Rejections are a staple of the writing life. That sounds harsh, doesn’t it? But it’s true. I have a notebook where I track the status of all my short story submissions. I’ve recorded roughly forty titles in it from 2019.
A NYT-bestselling author I heard once argued that readers tend to “read fiction to escape. Authors are entertainers,” and whether we like it or not, we need to give people what they want. But is this really accurate? Or is there a deeper reason for why people read fiction and what we need to thus provide them as storytellers?
“Ye shall not surely die.” Ever since the snake whispered in Eve’s ear in the Garden of Eden, mankind has been susceptible to lies. Our volatile emotions open up vulnerabilities for falsehood to sink its teeth into. As writers, a distorted mindset can hinder our growth, damage our creative potential, separate us from reality, prevent us from accomplishing goals, and trap us in despair.
How is fiction useful? Is devoting our lives and careers to it appropriate? Most of us have wrestled with these questions. For some, concern has been posed by parents, who want to ensure that their children spend their time constructively and seeking truth. Others have sensed unspoken skepticism from the culture around them, as if writing couldn’t possibly be a meaningful pursuit on its own.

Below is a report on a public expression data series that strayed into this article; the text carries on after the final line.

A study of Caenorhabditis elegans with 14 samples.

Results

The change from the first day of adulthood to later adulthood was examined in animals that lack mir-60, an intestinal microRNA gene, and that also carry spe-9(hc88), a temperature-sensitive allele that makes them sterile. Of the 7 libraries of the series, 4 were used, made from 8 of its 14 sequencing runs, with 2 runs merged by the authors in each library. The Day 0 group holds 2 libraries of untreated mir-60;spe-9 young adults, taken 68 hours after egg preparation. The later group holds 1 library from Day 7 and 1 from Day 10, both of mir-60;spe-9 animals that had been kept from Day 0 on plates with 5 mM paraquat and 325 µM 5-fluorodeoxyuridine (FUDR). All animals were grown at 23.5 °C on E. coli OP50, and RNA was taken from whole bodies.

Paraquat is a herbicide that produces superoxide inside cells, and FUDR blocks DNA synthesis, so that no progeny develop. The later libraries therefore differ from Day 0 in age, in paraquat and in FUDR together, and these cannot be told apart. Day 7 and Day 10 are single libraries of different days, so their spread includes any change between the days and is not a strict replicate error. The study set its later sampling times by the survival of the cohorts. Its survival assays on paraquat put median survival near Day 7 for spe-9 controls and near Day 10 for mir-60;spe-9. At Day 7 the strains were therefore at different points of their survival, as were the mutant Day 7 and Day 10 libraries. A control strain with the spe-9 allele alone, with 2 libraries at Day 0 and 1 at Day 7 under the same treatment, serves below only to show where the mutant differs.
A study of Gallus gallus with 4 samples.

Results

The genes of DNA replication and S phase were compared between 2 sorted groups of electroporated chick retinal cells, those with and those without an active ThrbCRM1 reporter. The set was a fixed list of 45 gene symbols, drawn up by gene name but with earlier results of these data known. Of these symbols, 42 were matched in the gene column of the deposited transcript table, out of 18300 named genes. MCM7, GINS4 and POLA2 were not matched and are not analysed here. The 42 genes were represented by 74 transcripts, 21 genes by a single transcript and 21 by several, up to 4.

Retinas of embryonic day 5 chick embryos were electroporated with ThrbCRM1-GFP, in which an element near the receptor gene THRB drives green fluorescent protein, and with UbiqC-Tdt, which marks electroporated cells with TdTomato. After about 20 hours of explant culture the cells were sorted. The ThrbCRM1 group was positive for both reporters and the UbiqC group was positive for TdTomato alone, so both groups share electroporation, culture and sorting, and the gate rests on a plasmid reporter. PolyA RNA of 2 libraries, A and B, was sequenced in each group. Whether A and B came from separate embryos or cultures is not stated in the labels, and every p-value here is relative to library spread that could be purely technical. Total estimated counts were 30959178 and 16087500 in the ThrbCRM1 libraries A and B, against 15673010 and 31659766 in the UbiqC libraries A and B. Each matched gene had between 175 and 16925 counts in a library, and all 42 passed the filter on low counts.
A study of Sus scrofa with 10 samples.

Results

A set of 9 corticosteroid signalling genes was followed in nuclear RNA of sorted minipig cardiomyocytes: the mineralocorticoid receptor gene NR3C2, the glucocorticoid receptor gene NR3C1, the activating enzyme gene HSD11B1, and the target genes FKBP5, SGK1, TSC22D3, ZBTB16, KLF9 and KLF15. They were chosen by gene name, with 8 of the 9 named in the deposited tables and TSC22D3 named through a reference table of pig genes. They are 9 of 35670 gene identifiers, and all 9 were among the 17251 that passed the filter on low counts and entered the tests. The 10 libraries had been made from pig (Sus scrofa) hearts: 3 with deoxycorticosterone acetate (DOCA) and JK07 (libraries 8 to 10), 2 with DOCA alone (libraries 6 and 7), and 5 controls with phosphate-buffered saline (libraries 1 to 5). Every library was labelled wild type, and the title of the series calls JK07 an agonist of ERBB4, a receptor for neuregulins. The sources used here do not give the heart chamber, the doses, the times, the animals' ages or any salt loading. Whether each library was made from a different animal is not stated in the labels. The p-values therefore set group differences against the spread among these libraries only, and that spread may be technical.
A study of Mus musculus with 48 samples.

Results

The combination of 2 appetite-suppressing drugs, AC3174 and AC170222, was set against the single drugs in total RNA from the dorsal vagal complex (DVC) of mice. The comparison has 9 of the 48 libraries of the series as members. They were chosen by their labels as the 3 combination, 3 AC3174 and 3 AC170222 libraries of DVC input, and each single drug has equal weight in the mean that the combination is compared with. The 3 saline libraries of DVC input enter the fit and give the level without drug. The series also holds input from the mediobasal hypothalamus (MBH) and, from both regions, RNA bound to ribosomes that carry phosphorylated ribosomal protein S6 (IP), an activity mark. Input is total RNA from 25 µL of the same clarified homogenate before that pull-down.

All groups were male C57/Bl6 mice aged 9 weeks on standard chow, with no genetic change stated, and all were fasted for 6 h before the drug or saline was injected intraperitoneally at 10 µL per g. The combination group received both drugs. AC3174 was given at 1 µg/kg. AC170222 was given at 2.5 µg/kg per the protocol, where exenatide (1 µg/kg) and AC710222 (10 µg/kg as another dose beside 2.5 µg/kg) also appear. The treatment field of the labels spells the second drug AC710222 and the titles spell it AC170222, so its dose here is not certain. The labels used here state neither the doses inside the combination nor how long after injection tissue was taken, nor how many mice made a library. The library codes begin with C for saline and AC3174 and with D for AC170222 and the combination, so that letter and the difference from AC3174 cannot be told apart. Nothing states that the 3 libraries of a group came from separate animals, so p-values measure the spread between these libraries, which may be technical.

Red ink everywhere. If you’ve ever had your writing edited professionally, you’ve experienced the dread of opening the revised document for the first time. All the markup can be discouraging and overwhelming.
If you’ve pursued publication for any length of time, perhaps you’re already aware of tips and tricks on how to grab an agent’s attention. Maybe you understand the importance of building a presence on social media and learning how to market a book. Maybe you’re even continuing to enter contests and submit to publications in hopes of expanding your credentials. These efforts show your dedication to becoming a well-rounded author, which will help you appear professional to an agent.
Have you ever wished you could skip to publication? Waiting can be discouraging, especially when a dream is involved. Writers at all stages have felt that their stories would never appear in a bookstore.
At intervals throughout your journey, you’ve probably wondered whether you’re a good writer. Unfortunately, I can’t sympathize because that thought hasn’t occasionally crossed my mind.
Hooray! You dashed off at least 50,000 words in one month. Maybe you even finished a full novel. But once the mad rush is over, how can you salvage the mess you created?
During my first few months as an author, I despaired over the book I was writing. How will I reach people and convince them to read this? Could I pay a publisher to print my book and market it?